Thank You For Submiting Feedback!
The suppression by the prosecution of evidence favorable to an accused upon request violates due process where the evidence is material either to guilt or to punishment. Regardless of whether the defense makes a request, constitutional error results from government suppression of favorable evidence. Colo. R. Crim. P. 16 prevents the prosecution from committing such a violation. Under Colo. R. Crim. P. 16(I)(a)(2), the prosecutor is required to disclose to the defense any material or information within his or her possession or control which tends to negate the guilt of the accused as to the offense charged or would tend to reduce the punishment therefor. The rule also goes further and lists many other types of material and information within the possession or control of the prosecuting attorney (or other governmental personnel) that the prosecutor must make available to the defense. Colo. R. Crim. P. 16(I)(a)(1). However nothing in Colo. R. Crim. P. 16(I)(a)(1)—(c) grants the trial court authority to order access to a private home that is not subject to the court's jurisdiction.
Defendant E.G. was accused of repeatedly raping his twelve-year old cousins in the basement of their mutual grandmother’s house. Defendant was charged as an aggravated juvenile offender. Prior to trial, defendant moved the court to order the victims’ grandmother to allow defense counsel to have access to the residence so that counsel could view and photograph the crime scene. Defendant alleged that such access was necessary under principles of fundamental fairness and due process of law. The trial court denied the motion, holding that it had no authority to order any private entity to open up their private residence. The trial went forward, and defendant was convicted. On appeal, defendant challenged the denial of his motion for access to the home. The court of appeals held that a trial court has authority to order defense access to a third-party residence; however, it affirmed the denial of the motion for access, concluding that defendant had failed to demonstrate that inspection of the crime scene was necessary to present his defense. The state supreme court granted the People’s petition for certiorari.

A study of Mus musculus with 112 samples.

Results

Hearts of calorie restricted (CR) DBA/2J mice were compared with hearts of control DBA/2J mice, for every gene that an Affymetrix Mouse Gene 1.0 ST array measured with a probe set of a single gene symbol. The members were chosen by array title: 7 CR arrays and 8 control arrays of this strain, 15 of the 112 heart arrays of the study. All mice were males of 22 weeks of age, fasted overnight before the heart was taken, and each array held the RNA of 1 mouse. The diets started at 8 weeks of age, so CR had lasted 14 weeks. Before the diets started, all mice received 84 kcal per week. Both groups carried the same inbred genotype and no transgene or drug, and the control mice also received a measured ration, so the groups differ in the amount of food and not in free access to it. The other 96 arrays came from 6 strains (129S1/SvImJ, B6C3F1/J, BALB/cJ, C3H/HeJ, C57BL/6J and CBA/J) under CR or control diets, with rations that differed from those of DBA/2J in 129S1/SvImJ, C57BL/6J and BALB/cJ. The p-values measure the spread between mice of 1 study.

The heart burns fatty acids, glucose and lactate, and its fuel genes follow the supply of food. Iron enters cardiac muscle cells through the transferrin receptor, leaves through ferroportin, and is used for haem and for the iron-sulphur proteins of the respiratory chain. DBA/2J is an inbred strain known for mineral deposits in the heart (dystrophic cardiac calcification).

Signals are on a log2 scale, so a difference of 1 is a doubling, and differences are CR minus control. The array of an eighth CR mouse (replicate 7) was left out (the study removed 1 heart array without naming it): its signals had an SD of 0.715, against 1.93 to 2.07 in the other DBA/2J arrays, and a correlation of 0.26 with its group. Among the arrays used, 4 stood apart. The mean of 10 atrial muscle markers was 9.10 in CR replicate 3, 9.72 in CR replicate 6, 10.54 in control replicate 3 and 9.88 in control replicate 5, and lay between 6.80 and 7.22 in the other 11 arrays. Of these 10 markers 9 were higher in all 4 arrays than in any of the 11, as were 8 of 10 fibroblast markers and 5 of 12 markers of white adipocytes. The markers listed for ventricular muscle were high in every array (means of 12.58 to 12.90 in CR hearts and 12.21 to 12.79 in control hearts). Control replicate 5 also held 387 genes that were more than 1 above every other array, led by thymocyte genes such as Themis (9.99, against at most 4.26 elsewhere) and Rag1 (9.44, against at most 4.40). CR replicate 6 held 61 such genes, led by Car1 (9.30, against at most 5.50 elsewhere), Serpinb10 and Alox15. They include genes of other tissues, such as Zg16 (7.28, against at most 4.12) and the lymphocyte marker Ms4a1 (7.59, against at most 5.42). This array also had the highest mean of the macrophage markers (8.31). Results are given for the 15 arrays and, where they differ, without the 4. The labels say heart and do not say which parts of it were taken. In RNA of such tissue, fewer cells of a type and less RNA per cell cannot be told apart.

Would a trial court have the authority to grant a defendant’s discovery motion seeking access to the private residence of a third party?
The Court held that neither a criminal defendant, nor anyone else, including the prosecuting attorney, has a constitutional right to force a third party to open her private home for an investigation. While the Constitution and the Rules of Criminal Procedure entitled a defendant to receive exculpatory evidence in the possession of the prosecutor and other government entities, he may not use the power of the court to transgress the constitutional rights of private citizens in order to build his defense. In this case, neither the United States Constitution, the Colorado Rules of Criminal Procedure, nor any statute provided the trial court with authority to grant the defendant access to his grandmother’s private home without the latter’s consent. In the absence of a due process right—or any other right—to access a third-party home, the trial court had no authority to issue such an order and defendant’s motion was properly denied. Accordingly, the judgment of the appellate court was affirmed on alternate grounds.